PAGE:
Those 9/11 Movies

August 08, 2006
A thought by James Berardinelli

When I'm asked if I recommend either United 93 or World Trade Center, I begin my response as follows: "If you can handle a movie about 9/11..." The qualifier is not meant to be sarcastic or condescending. It is not intended as a put-down. There are many people out there who, no matter how powerful, life-affirming, or uplifting the film may be, are not emotionally prepared to re-live any part of that September day five years ago. (My wife is among their number.) 9/11 has impacted everyone differently. For those who lost loved ones on that day, for those who were stranded somewhere, and for those who sat stunned in front of a television set, it became a deeply personal experience. It's difficult to say whether more tears were shed on that day or on November 22, 1963.

Five years later, reactions to the events are as varied as they were in 2001. Some seek to examine their memories or find meaning by confronting things through movies, books, and articles. Others find there to be too much pain in remembering and do their best to avoid reminders - not an easy thing with incidents that have become a national obsession. I think to a degree we're all conflicted about 9/11 movies. Thankfully, the two theatrical releases this year have approached the subject with sensitivity and respect, and there's not a whiff of exploitation to be scented. The same cannot be said of the countless web conspiracy "documentaries," which make a mockery out of the day and its victims.

This isn't the first time movies have been made about difficult subjects. There are Pearl Harbor vets who cannot sit through Tora! Tora! Tora!. (I will not mention Pearl Harbor, because I don't know anyone who can sit through that, and it has more to do with execution than the subject matter.) There are Vietnam vets who have trouble with Apocalypse Now, Platoon, and Full Metal Jacket. But there are two key differences between those events and 9/11. In 2001, it was civilians, not soldiers, who were targets. And there has never before been such blanket media coverage. Consider that almost everyone who lost a loved one on that day was subjected to the image of their friend or family member dying. (I'm referring to a general image, not a specific one.)

The theory of how to deal with these movies is simple enough. Most people understand by now how they react to 9/11. They know whether they will be able to cope with a movie about the subject. So, those who are capable can attend the movie. Those who cannot will stay away. It's a voluntary thing. Unfortunately, life doesn't work that way when there's marketing involved. That's where things get messy; that's where I become conflicted.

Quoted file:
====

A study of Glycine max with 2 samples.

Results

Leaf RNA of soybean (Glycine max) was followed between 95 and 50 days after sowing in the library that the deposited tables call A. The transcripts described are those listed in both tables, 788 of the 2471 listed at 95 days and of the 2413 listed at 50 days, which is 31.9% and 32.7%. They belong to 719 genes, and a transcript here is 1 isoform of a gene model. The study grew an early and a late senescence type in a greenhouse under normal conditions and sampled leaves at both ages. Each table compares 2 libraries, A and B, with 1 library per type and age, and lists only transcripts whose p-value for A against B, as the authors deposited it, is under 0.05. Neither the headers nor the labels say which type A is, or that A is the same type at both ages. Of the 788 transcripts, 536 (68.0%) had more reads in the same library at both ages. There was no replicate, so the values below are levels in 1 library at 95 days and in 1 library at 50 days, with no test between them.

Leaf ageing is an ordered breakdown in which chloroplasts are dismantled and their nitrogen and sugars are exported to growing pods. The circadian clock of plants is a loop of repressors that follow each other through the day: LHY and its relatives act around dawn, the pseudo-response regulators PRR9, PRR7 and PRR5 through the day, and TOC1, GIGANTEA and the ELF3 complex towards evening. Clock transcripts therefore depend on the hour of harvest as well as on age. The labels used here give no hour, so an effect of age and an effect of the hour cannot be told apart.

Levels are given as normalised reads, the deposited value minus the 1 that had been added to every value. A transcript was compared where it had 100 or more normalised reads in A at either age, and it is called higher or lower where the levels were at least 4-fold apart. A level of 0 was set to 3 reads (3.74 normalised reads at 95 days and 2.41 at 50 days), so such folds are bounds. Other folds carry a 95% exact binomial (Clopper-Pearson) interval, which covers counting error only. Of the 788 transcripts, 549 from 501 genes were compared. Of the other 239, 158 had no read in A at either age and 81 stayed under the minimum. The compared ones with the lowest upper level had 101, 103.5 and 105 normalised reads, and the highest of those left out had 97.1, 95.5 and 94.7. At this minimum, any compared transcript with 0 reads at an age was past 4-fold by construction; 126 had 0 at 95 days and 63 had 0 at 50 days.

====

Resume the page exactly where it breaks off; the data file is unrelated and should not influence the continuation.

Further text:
Movies, even ones about 9/11, are made with the intent of turning a profit. Crass, but true. The bottom line for both United 93 and World Trade Center is that the studios expected them to make money. For a movie to make money, it has to have an audience. That means people have to know it's out there. That means advertising - print ads, television commercials, theaterical trailers. Suddenly, 9/11 images are out there, everywhere. People who would rather forget, or at least not be brutally reminded, are given no choice. I feel for them, but I don't have an answer. These are tremendous motion pictures. They deserve to be seen by those who are able to endure them. The sad part is the collateral damage.

Is it "too soon," as some have argued? I once wondered that myself. Having seen the movies, I don't think so. Why wait? So the memories soften and fade? By making these films so close to the events that inspired them, there can be an immediacy that future productions will be unable to capture. I am a believer that one of many reasons why Pearl Harbor failed is that the filmmakers had no sense of what the day - December 7, 1941 - meant. Spielberg connected with the past in Saving Private Ryan - but he's a rare director. 50 years from now, it's more likely to be a Michael Bay than a Steven Spielberg telling the tale of 9/11, and it will ring false. This close to the actuality, the moment is too fresh, too raw for artificiality to creep in.

I am a believer that United 93 will find a wider audience when it reaches DVD than it found in theaters. The experience of watching such an emotional story is something many viewers may have been unwilling to expose themselves to in a public forum. At home, it's a different matter. I suspect something similar will be true of World Trade Center.

Both movies are about heroism. One is about a group of people who overcome terror and act to avert a catastrophe. They do not survive. The other is about people who risk their lives to save others, then end up being saved themselves. They do survive. Two films that find something positive in the black hole of negatives that comprise 9/11. Do I recommend them? Without question - if you can handle a movie about 9/11.